News — 15 September 2015

Kalama Hines

@HINESight_2020

Kalama Hines

@HINESight_2020

Barbara Mertes, the first dean of what is now Las Positas College, died Friday at the age of 85.

Mertes was an integral part of the LPC community since it opened – as the Valley Campus of Chabot College – in 1975. Her 13 years of advocacy and hard work was rewarded when the “Valley Branch” became Las Positas College, as separate entity complete with its own list of majors and course studies.

Former Chabot-Las Positas College trustee Barry Schrader has worked alongside Mertes since 1972.

“I would say without hesitation she was my hero and a role model for so many of us – always positive,” Schrader said in an email to The Express. “Even in the face of adversity and overwhelming odds, she was indefatigable in her efforts to take the college to greater heights and inspired the faculty and staff to do likewise.”

Born and raised in Livermore, Calif., Mertes was a product of the Livermore Public School System. After earning her doctorate from University of California, Berkeley she began teaching English.

Her tireless work toward the introduction of secondary education in the Tri-Valley bore fruit in 1988 when Chabot College Valley Branch became Las Positas College. For her work, Mertes is widely considered the founder of the school.

Along with her husband David, former chancellor of the California Community College system, Mertes’ work did not conclude with LPC’s inception. 

The two continued by obtaining more than $100 million of allocations outside of normal operating budgets. They also formed partnerships with nearby colleges and surrounding businesses in order to maintain necessary resources for the campus for which she was so devoted.

“Barbara Mertes was the one person who persisted in making Valley Campus into a fully-accredited and stand-alone college that it is today. She began as the founding “godmother” of that campus,” Schrader said. “She kept that dream alive for 20 years until she saw it accomplished.”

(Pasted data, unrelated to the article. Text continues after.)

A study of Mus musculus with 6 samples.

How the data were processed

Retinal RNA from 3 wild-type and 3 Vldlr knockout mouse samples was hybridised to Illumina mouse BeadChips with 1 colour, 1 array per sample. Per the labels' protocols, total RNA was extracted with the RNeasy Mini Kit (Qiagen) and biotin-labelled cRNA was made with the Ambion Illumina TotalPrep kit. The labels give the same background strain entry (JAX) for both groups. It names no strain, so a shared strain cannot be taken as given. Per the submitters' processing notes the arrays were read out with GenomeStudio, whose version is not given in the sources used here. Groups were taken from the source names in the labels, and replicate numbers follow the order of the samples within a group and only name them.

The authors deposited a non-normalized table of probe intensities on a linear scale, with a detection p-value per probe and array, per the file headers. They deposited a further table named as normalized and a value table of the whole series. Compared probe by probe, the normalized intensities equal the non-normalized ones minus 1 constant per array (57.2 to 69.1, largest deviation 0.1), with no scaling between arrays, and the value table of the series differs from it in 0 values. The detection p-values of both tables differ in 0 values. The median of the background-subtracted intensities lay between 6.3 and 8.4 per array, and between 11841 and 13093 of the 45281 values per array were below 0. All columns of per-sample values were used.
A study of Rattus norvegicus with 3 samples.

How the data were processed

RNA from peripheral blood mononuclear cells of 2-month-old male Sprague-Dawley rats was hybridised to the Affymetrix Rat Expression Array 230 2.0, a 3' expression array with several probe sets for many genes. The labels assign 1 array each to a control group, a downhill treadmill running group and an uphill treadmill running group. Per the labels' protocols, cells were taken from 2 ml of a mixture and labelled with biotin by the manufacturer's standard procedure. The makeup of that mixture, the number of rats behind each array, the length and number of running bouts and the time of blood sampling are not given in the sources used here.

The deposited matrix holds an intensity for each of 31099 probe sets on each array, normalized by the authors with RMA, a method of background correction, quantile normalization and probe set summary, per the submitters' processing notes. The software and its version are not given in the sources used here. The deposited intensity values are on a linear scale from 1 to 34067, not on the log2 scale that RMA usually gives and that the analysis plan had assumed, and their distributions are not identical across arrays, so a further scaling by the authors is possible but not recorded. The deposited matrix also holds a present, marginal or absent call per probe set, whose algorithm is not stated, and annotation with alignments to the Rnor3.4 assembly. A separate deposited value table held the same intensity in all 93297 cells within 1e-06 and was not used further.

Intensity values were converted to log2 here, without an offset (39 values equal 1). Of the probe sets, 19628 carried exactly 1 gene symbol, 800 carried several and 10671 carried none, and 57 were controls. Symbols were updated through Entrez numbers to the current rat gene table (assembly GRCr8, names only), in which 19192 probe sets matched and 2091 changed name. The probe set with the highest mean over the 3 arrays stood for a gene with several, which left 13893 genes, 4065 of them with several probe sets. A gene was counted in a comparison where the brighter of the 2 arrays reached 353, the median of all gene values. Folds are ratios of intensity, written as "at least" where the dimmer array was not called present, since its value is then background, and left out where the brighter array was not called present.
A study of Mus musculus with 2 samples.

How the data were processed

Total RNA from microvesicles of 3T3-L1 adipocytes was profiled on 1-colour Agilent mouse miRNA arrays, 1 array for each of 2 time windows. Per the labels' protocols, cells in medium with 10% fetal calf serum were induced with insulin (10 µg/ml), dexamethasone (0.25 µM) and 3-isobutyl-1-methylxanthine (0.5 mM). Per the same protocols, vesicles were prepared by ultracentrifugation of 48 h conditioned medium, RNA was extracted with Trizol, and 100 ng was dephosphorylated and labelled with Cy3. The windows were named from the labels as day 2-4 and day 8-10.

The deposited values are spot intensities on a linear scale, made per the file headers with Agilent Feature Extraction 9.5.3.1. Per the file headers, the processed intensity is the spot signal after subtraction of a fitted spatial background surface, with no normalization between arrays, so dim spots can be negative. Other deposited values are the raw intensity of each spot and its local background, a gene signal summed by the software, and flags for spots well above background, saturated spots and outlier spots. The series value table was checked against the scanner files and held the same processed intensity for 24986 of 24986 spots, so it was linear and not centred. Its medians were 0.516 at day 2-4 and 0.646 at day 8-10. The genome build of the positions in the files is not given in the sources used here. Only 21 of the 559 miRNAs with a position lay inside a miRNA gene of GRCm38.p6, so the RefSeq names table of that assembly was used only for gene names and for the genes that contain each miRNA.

The couple complimented each other in their collective endeavors in education, according to the Mertes’ nephew, Mike Francisco,

In 2003 the couple was the joint recipients of the Livermore Chamber of Commerce’s Community Service Award.

David, 83, died Oct. 9.

Campus employees were prohibited from commenting by the district chancellor, who did not respond to requests by press time.

Several members of faculty and staff recall Mertes’ health beginning to fade at the time of her husband’s death, however.

Also, President Barry Russell did speak to the school’s loss at the time of her retirement.

“I was very sad,” Russell told The Express, “it was an ending of the era of great leadership on her part.”

Mertes’ era of leadership came not just as the college’s dean and president, but also as the District Vice Chancellor of Institutional Planning and Facilities Development. While carrying that mantle, Mertes was praised for her allegiance to Las Positas, her devotion to students and heavy involvement in educational policy issues.

“(She was) probably more successful at obtaining grants and state funding than any other college district in California at the time.” Schrader said.

After 25 years with the campus, Mertes was appointed to the Chabot-Las Positas Community College District’s Board of Trustees in 2000.

She served the board in Area Seven, which includes Livermore and portions of Pleasanton.

After 14 years on the board, Mertes announced her retirement on December 10, 2014.

President of the Board of Trustees, Donald Gelles, complimented the Mertes for her 40 years of devoted service at that time.

“Dr. Mertes has been a very compassionate and dedicated Board Member since 2000,” Gelles said. “She is highly respected by her peers on the Board as well as the community. She has always put students and the colleges first when making decisions.”

Now gone, Mertes will forever be commemorated on campus in the naming of the school’s theater and performing arts building, as well as in the lasting impression she left on the campus.

“The amazing thing about Barbara is that she always put students first,” said Ted Kaye, former CEO of Las Positas College Foundation. “The saying students first – the tagline of the college – was so important to her.”

Schrader, who unsuccessfully led a campaign to have Las Positas College renamed “Jack London College.” Now he believes there is a more fitting name for the campus.

“I would be willing to join an effort to rename the college in her memory,” Schrader said. “Think of it, the only college in California to be named in honor of a woman.”

Mertes’ contributions to the school and district certainly make the honor arguable.

It’s so easy to speak highly of Mertes, but so difficult to speak of her in the past tense, according to Kaye.

Those who have been on campus for long enough, however, may choose to remember her cruising through campus or the city of Livermore in her classic bright yellow Volkswagen Bug. Along with the numerous contributions she made in the creation of Las Positas College, as well as those made in the longevity of the college and district.